Genocide is not a thing of the past

As the staff of the New Trier News, we want to acknowledge the importance and gravity of International Holocaust Remembrance Day, on Monday, January 27th.

This day was designated by the United Nations General Assembly, and marks the anniversary of the Auschwitz-Birkenau liberation.

“On this annual day of commemoration, the UN urges every member state to honor the six million Jewish victims of the Holocaust and millions of other victims of Nazism,” said the U.S. Holocaust Memorial Museum.

However, as we recognize the atrocity and tragedy of the Holocaust, we must also remember that genocide isn’t something that only happened once, approximately 75 years ago. Genocide is a still very much alive in the 21st century.

The Nuer in South Sudan, Christians and Yazidis in Iraq and Syria, Christians and Muslims in the Central African Republic, Darfuris in Sudan, and the Rohingya Muslims in Myanmar are all current or recent victims of violence because of their nationality, ethnicity, race, or religion.

Though not all of these instances have been officially deemed a genocide, violent actions against the aforementioned groups most definitely meet some of the UN’s genocide criteria. And these atrocities should
not require the official “genocide” label in order for intervention to be warranted, especially since by the time this retroactive label is applied, too many have already lost their lives.

Cultural genocide–the destruction of the political and social institutions of a targeted group–is also a prevalent phenomenon. China’s mass incarceration of more than a million Uighurs, Kazakhs, and other Muslims is one such example.

But besides prompting a handful of news articles, it seems as though these events have been largely ignored or minimized. The Coronavirus seems to have garnered much more international media attention than China’s re-education camps.

And the few articles that have been written have failed to prompt an impactful response from the global community.

Of course we acknowledge that every episode of mass murder has unique social, economic, military, and political obstacles that can make intervention challenging. But the recurrence of such atrocities, ignored by powerful people, nations, and the general public, calls for a more sinister explanation. People are reluctant to discuss or fully acknowledge such an uncomfortable topic, so they choose the easiest path–to be a bystander.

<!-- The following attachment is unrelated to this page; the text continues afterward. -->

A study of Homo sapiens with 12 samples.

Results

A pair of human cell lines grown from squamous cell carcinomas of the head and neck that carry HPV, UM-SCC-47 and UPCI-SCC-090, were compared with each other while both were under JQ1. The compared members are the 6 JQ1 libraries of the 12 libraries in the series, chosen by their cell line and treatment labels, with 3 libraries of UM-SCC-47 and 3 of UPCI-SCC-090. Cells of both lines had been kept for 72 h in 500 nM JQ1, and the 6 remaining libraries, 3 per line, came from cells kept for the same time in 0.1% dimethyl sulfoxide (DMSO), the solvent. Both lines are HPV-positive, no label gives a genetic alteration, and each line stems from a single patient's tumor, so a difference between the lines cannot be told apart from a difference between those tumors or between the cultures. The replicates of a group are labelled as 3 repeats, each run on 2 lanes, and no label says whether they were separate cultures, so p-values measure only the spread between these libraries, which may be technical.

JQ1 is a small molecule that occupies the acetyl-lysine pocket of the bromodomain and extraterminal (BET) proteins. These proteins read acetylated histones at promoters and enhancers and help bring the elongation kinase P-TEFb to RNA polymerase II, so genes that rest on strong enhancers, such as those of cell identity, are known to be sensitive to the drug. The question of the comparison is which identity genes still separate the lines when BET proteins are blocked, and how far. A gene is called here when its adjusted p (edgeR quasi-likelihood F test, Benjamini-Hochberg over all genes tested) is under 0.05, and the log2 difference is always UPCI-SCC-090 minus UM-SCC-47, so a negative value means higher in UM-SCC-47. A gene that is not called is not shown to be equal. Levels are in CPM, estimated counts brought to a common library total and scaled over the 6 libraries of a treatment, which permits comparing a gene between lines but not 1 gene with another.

It’s not that these events are completely ignored. Sanctions are often the go-to method for the U.S. government to deal with these situations. In 2007, President Bush announced tightening of existing economic sanctions on Sudan. In 2019, the Trump administration placed sanctions on some of the government and business organizations enabling and executing China’s incarceration campaign.

But sanctions do not directly address the issue, and they will not halt a genocide. Also, it is hypocritical to pass sanctions when other actions, such as barring refugees from seeking shelter in the U.S., are helping to enable genocide.

On Friday Jan. 31, President Trump added six countries to his Travel Ban: Nigeria, Myanmar, Eritrea, Kyrgyzstan, Sudan and Tanzania.
“The expansion of the restrictions, which already affected more than 135 million people in seven countries, is likely to hinder more than 12,300 potential immigrants in the next year from resettling, finding work or reuniting with their families in the United States,” stated a New York Times article.

These restrictions are alarmingly similar to actions taken by the U.S. government during the Holocaust. When European Jews tried to seek asylum in the U.S., the government turned away thousands.

But we have a duty to hold our government accountable and let them know that denying asylum to people fleeing violence is not something that we stand for. Closing our borders leaves refugees without a safe place to go and violates their human rights.

It is naive to believe that genocide is a thing of the past. This attitude perpetuates a lack of accountability and promotes a bystander mentality.

And as an educational institution, New Trier has a duty to teach students about genocide, even though it is an uncomfortable subject. Our school needs to do better in terms of how it addresses and educates students on the topic of genocide, and it can start by acknowledging International Holocaust Remembrance Day.

Because one of the most powerful ways to work towards preventing genocide is to hold perpetrators accountable and make sure that past victims are never forgotten.